In 2016, the state of Michigan was ranked sixth in the United States for its number of homeless students. Jennifer Erb-Downward, a senior research associate with University of Michigan’s Poverty Solutions initiative, analyzed data surrounding schoolchildren who are considered homeless. Under federal education law homelessness is defined as all children and youth who “lack a fixed, regular, and adequate nighttime residence.”
“Michigan had the sixth largest number of homeless students in the United States,” Erb-Downward said. “That’s over 36,000 students in the 2015-2016 school year. That’s a very large number of children who are going to school while experiencing the instability of not knowing where they’re going to sleep at night, not knowing whether or not they’re going to be able to stay in school or have to transfer.”
Rackham student Michael Evangelist, co-lead author on the student homelessness report, said a lack of affordable housing was one of the main contributors to the homelessness issue.
“There’s a huge shortage of affordable housing in the country,” Evangelist said. “There’s about 5 million households that benefit from housing vouchers, but that number and the funding for it has been pretty constant since 1995, and during that time housing has become much less affordable. So right now there’s a 32-month wait for housing vouchers. If you qualify for this program, you’ll have to wait over two years to get housed.”
Evangelist said he had done some calculations and found about 8 million more affordable housing units would be needed in order to meet demand.
Erb-Downward found homelessness is an issue that affects the state of Michigan as a whole, a fact she does not think most people know.
“Our first goal is really to raise awareness that homelessness is not just an urban issue, it’s not just a rural issue, or a suburban issue,” Erb-Downward said. “It affects children in school systems everywhere, and this has an education impact.”
Dawn Espy, Education Program Manager at Ozone House, an agency that provides support, intervention, training and assistance to homeless and high-risk youth shares Erb-Downward’s concerns. As Education Program Manager, Espy works with the Washtenaw Intermediate School District to support the education needs of any youth in the county experiencing homelessness. Espy said though most people might not know this, the “largest number of homeless students in the county are in Ann Arbor.”
“I think it’s really important to look at things in a larger picture and be able to see the scope of the need,” Espy said. “We basically identified that there’s usually between 1,100 and 1,300 students in our county experiencing homelessness each year. That’s across the county, so I think a lot of the time folks might think about how it happens in Ypsilanti, or in other places, but really it’s in Ann Arbor. Our largest number of homeless students in the county are in Ann Arbor.”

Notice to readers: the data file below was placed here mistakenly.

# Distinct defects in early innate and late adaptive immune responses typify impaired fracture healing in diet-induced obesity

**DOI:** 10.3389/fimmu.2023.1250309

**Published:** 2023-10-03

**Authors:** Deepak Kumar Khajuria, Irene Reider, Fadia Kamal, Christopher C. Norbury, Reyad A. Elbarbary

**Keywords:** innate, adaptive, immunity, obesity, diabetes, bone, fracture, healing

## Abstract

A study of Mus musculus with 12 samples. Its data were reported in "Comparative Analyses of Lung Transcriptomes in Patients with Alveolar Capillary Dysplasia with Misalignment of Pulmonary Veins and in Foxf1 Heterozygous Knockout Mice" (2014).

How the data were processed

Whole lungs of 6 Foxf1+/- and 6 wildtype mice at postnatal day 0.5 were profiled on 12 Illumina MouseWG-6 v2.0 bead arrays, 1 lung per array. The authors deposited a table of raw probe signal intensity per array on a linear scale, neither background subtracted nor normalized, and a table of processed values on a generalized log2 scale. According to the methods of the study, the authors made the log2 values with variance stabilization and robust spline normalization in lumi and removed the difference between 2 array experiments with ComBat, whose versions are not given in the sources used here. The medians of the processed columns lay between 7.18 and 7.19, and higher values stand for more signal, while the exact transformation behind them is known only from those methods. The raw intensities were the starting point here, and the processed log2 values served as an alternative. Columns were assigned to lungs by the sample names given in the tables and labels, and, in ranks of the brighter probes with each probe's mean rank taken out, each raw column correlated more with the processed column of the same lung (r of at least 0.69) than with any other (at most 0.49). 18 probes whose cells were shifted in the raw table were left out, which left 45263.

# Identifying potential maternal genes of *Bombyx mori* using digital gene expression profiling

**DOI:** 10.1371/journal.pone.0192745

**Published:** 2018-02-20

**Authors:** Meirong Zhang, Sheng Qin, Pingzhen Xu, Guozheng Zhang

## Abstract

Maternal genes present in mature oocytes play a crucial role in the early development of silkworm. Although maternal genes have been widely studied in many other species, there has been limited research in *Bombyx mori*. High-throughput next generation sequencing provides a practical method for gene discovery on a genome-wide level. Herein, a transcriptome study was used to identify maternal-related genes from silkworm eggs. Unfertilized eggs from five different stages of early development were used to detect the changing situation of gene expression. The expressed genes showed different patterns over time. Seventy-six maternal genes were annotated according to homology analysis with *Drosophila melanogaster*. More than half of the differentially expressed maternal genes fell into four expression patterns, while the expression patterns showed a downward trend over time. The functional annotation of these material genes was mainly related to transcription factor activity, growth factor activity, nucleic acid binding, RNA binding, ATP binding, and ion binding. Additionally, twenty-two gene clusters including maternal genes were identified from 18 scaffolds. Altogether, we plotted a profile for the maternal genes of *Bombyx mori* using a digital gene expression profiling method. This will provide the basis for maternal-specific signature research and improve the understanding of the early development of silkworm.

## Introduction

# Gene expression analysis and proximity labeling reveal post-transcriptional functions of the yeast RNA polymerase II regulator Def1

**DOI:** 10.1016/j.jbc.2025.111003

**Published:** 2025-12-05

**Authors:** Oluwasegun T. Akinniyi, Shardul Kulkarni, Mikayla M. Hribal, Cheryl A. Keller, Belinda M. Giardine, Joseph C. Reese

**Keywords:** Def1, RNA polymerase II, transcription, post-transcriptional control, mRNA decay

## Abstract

Espy, who received a psychology master’s degree at the University, said she thought Erb-Downward’s research was valuable, especially in its ability to get the attention of multiple facets of the community, facilitating collaboration toward solving the problem.
“Youth who are experiencing homelessness really aren’t often represented in conversations,” Espy said. “So it’s really valuable for me to provide a voice for them to amplify their needs and express what’s going on, because I think often we don’t hear those narratives.”
The report found homeless students were doing worse in school than all other demographics. Erb-Downward said people often don’t realize the extent of the poverty that exists in our country.
“I think in many ways, our indicators of poverty typically don’t show the full extent of what is really happening to these families,” Erb-Downward said. “If you look at the numbers around education data, you’ll see that not only is there a gap between homeless students and all students, but homeless students are doing significantly worse than their economically disadvantaged or low-income peers. We need to think about not only what’s happening in the classroom, but what is happening to students before they get into the classroom and how these other factors affect the child’s ability to learn. I think the homelessness and housing data that exists in the school records provides a way to start thinking about the true extent of poverty and instability that’s being experienced across the United States by family and children.”